The National Zoo is home to 2,000 individual animals of nearly 400 different species. Our best known residents are our giant pandas, but great apes, big cats, Asian elephants, birds, amphibians, reptiles, insects, aquatic animals, small mammals, and many others can be found at the Zoo.
You can take a virtual visit to the Zoo any day of the week by tuning into our live web cams, which feature many of the Zoo's animals:
Watching Amazon river fishes: Here is a glimpse into the rich and vibrant underwater life of the Amazon. Red-tailed catfish, arowanas, black pacus, and guppy share this 55,000-gallon aquarium below a living tropical forest.
Watching Asian small-clawed otters: A family of otters, parents and offspring, live on Asia Trail. Small-clawed otters, the smallest of the world's 13 otter species, live in family groups and play often.
Spotting cheetahs: The Zoo is home to male and female cheetah. Cheetahs are the world's fastest land mammal, able to run as fast as 60 miles per hour. These cats are vulnerable to extinction.
Watching clouded leopards at the Zoo: Clouded leopards live at Asia Trail. You may see them leaping from limb to limb and napping on sturdy branches. Relative to body size, clouded leopards' long canines are the largest of all living cats.
Watching clouded leopards at the Zoo's Smithsonian Conservation Biology Institute in Front Royal, Virginia: The cam features a male and female that were paired at a young age to create a bonded pair for future breeding.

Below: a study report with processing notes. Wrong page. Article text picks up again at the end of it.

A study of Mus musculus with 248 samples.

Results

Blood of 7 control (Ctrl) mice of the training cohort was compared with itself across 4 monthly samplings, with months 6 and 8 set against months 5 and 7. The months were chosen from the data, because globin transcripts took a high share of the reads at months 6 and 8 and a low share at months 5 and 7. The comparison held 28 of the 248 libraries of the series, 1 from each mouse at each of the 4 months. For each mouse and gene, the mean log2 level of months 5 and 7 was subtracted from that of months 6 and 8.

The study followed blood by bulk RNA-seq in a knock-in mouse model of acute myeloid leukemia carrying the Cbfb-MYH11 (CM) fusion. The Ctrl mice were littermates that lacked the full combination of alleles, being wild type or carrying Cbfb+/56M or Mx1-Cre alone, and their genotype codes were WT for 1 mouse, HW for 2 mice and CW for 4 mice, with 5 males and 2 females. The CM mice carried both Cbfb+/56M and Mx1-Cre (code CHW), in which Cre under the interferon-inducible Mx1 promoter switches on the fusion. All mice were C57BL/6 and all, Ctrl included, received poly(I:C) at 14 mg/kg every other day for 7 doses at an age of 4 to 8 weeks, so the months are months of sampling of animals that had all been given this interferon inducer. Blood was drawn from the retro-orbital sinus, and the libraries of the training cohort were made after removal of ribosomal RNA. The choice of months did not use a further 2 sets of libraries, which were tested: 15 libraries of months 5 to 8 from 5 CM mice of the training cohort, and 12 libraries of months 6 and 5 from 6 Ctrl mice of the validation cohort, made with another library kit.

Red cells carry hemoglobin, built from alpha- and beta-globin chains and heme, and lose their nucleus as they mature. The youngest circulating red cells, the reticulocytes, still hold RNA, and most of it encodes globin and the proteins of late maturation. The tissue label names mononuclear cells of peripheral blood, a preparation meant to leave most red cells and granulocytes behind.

Watching fishing cats: Fishing cats live at Asia Trail. These short-tailed cats are about twice the size of the average housecat. They attract fish by lighting tapping the water's surface with a paw, mimicking insect movements. Then, they dive into the water to catch the fish.
Watching golden lion tamarins: This cam looks in on a Small Mammal House exhibit where a golden lion tamarin family lives. There are only about 1,500 golden lion tamarins in the wild.
Watching gorillas: The Zoo is home to western lowland gorillas, both females and males. Gorillas are the world's largest primates and, after chimpanzees, our closest relatives.
Watching lions: The Zoo is home to male and female lions. Tigers are lions' closest relatives. Without their coats, lion and tiger bodies are so similar that only experts can tell them apart.
This MicroTheatre gives us the opportunity to catch a glimpse of the everyday, invisible world.
Naked mole-what? Despite the fact that they burrow underground like moles, and have rat-like tails, naked mole-rats are more closely related to porcupines, chinchillas, and guinea pigs than to moles or rats.
Monster of the deep? Hardly! Octopuses are actually mollusks, a group including snails and clams, which is a far cry from giant monsters dragging sailors to their doom.
Watching apes: Several orangutans live at the Zoo. They can travel between the Great Ape House and Think Tank along the Orangutan Transport System (O Line), a series of towers and cables, 35 to 40 feet above ground. You may see them swinging on the ropes and making nests of hay to rest on.
Watching giant pandas: The Zoo is home to an adult female panda and an adult male. The panda cams follow the pandas in their indoor and outdoor exhibits at the David M. Rubenstein Family Giant Panda Habitat.
Watching sloth bears: Adult female and male sloth bears live at the Zoo. You may see the bears climbing, foraging for insects, or sleeping. Native to India, Sri Lanka, and southern Nepal, sloth bears are the only bears to carry young on their backs.
Watching Sumatran tigers: You may see the cats walking about, occasionally pausing to scent-mark territory, just like they would in the wild.